Ashworth special hospital is to be integrated further into mainstream NHS mental health services following the surprise departure last week of chief executive Hilary Hodge.

Peter Clarke, chief executive of Salford Mental Health Services trust, will continue as acting chief executive at Ashworth indefinitely - but without giving up his links with Salford.

Mental health experts believe replacing Dr Hodge through a formal appointment process would be impossible given Ashworth's record of eight chief executives in the past eight years.

Mr Clarke was brought in nearly two months ago while former Royal College of Psychiatrists, president Dame Fiona Caldicott investigated disagreements between Dr Hodge and Ashworth consultants.

Dame Fiona found that relationships had broken down irretrievably. Dr Hodge has now left to work on mental health issues for the World Health Organisation.

In a statement to Ashworth staff, Mr Clarke said his arrival was 'not just a case of another chief executive has gone and another bobs up'.

The move is linked with significant changes in relationships and roles across the mainstream NHS, high security hospitals, regional offices and the High Security Psychiatric Services Commissioning board, he said.

High security services will continue, but will increasingly be integrated with the wider NHS, Mr Clarke said.

His link with the Salford trust will allow a strategic alliance to be explored. But Mr Clarke denied this was a merger. 'The legislation precludes that. Ashworth will need to develop links and partnerships with other forensic and mental health services.

'Salford will be continuing to build its general mental health connections, particularly in the Manchester, Salford and Trafford health action zone.'

Former Special Hospitals Service Authority chief executive Charles Kaye said Mr Clarke's description added up to a merger by another name, which was the logical thing to happen now.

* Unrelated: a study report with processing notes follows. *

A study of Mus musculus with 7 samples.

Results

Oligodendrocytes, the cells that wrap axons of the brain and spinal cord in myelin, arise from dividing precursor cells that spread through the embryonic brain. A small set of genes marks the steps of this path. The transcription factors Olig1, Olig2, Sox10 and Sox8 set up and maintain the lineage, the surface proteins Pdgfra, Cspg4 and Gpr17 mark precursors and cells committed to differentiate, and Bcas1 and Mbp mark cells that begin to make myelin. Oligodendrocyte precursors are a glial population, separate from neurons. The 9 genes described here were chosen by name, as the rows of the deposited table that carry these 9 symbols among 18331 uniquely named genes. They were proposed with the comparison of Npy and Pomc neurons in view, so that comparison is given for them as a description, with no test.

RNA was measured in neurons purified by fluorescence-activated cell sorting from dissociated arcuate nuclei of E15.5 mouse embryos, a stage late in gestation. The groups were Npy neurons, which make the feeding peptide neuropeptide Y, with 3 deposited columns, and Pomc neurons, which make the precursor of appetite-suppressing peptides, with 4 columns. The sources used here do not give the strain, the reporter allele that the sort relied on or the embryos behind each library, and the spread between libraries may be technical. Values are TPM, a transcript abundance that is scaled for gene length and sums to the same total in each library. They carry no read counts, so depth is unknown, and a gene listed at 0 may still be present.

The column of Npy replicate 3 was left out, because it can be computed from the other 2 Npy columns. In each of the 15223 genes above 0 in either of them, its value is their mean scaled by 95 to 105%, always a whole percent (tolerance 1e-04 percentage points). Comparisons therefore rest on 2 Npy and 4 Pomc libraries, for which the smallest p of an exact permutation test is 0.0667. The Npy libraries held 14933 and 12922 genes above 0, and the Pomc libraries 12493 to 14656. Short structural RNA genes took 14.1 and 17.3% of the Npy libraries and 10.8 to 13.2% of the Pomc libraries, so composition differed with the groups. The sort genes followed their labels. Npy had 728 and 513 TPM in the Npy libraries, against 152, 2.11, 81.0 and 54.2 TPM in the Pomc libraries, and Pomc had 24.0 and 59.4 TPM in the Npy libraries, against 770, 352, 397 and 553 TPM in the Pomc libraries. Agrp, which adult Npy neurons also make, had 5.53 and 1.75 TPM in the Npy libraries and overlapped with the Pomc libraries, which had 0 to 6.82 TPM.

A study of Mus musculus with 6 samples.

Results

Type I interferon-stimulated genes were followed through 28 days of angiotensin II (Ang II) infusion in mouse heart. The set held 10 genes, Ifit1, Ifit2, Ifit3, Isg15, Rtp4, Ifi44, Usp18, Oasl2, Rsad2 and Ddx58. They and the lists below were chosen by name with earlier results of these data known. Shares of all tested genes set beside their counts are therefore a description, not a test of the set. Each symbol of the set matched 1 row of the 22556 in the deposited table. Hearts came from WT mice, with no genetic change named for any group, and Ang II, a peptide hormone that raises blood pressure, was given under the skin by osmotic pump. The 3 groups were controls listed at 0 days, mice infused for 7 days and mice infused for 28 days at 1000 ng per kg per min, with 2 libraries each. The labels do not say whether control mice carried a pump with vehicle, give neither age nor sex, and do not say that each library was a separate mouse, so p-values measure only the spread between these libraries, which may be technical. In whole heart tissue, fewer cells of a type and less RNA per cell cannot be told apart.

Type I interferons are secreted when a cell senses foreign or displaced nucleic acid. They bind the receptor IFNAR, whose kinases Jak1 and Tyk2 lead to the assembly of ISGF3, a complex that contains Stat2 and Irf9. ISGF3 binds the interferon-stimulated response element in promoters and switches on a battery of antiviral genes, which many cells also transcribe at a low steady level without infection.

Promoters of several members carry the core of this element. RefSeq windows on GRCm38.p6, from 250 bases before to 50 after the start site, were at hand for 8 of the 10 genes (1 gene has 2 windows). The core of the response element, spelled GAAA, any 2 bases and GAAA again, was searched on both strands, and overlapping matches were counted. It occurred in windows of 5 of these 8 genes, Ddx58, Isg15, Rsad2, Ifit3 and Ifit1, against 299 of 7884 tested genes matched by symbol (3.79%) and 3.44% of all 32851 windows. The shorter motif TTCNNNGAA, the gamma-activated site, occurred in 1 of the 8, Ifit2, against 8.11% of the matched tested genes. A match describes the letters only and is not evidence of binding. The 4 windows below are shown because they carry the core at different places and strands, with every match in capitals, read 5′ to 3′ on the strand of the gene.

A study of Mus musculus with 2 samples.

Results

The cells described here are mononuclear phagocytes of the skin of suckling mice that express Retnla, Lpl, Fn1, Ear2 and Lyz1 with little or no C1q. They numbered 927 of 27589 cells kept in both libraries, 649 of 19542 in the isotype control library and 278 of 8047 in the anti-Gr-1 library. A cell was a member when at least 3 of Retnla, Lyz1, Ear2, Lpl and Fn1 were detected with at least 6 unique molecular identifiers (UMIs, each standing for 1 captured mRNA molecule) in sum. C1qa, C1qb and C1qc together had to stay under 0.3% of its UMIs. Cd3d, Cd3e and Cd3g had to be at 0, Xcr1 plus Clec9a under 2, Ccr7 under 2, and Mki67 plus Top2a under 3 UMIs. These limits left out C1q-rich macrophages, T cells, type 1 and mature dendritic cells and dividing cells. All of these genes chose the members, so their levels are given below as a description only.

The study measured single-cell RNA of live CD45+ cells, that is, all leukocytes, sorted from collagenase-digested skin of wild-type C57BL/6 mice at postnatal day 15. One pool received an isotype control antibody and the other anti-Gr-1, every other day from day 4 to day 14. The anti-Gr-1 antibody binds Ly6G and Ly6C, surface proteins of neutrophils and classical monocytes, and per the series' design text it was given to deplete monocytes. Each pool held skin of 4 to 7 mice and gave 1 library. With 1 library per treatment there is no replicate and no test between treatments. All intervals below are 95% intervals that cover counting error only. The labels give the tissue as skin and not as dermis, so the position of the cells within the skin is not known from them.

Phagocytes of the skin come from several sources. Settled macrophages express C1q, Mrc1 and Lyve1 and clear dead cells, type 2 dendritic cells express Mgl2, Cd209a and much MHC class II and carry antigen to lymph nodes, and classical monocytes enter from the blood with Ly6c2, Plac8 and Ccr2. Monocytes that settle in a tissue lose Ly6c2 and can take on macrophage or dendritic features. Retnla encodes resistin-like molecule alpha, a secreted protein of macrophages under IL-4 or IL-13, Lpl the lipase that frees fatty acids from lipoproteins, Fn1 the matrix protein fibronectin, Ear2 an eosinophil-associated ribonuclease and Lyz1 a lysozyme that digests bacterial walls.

All three special hospitals should be drawn organisationally into the world of trusts, he said.

And he claimed that the isolation of high security services from other psychiatric services had been worsened by the 1996 changes that made them special health authorities operating on their own.

Mr Kaye described morale at Ashworth as 'on the floor'. Dr Hodge was the third chief executive in a row to leave in 'unfortunate circumstances' and he could not see anyone rushing forward for the job. 'It is like a manager's graveyard, ' he said.

Putting Mr Clarke, an experienced manager, in charge might work because his link with Salford would mean that he would not be as exposed, said Mr Kaye.

Edward Peck, director of the centre for mental health services development at King's College, expressed 'immense personal empathy for Hilary Hodge'.

He was surprised at her departure because she had clearly been appointed to the post on the basis of her known management style to do a particular task. 'It will be very difficult to fill that post now, ' he said.

'Hilary has a great track record and commands great respect in the health service.

'If Hilary Hodge cannot do that task, and is not supported in doing it, it will be very hard to find anyone else who will.'

Patricia Abbott, acting chair of Ashworth's medical advisory committee, told HSJ that she had been asked 'because of the sensitivity of the situation' not to comment beyond a statement claiming that the consultants' position had been vindicated.

She added: 'We are very happy with the news that Peter Clarke is continuing as acting chief executive and we are hoping for closer links with the wider NHS.'

Broadmoor Hospital board calls for more resources Broadmoor Hospital's governing body is calling for more money from the High Security Psychiatric Services Commissioning board, claiming that it 'is not as well resourced' as other special hospitals.

Chief executive Julie Hollyman said the hospital was suffering from staff shortages and that, in common with much of the NHS, it faced recruitment problems with psychiatric nurses.

As a result, the hospital board was 'exploring options to ensure that we maintain safety and security within the hospital within our existing pool of staff ', she said.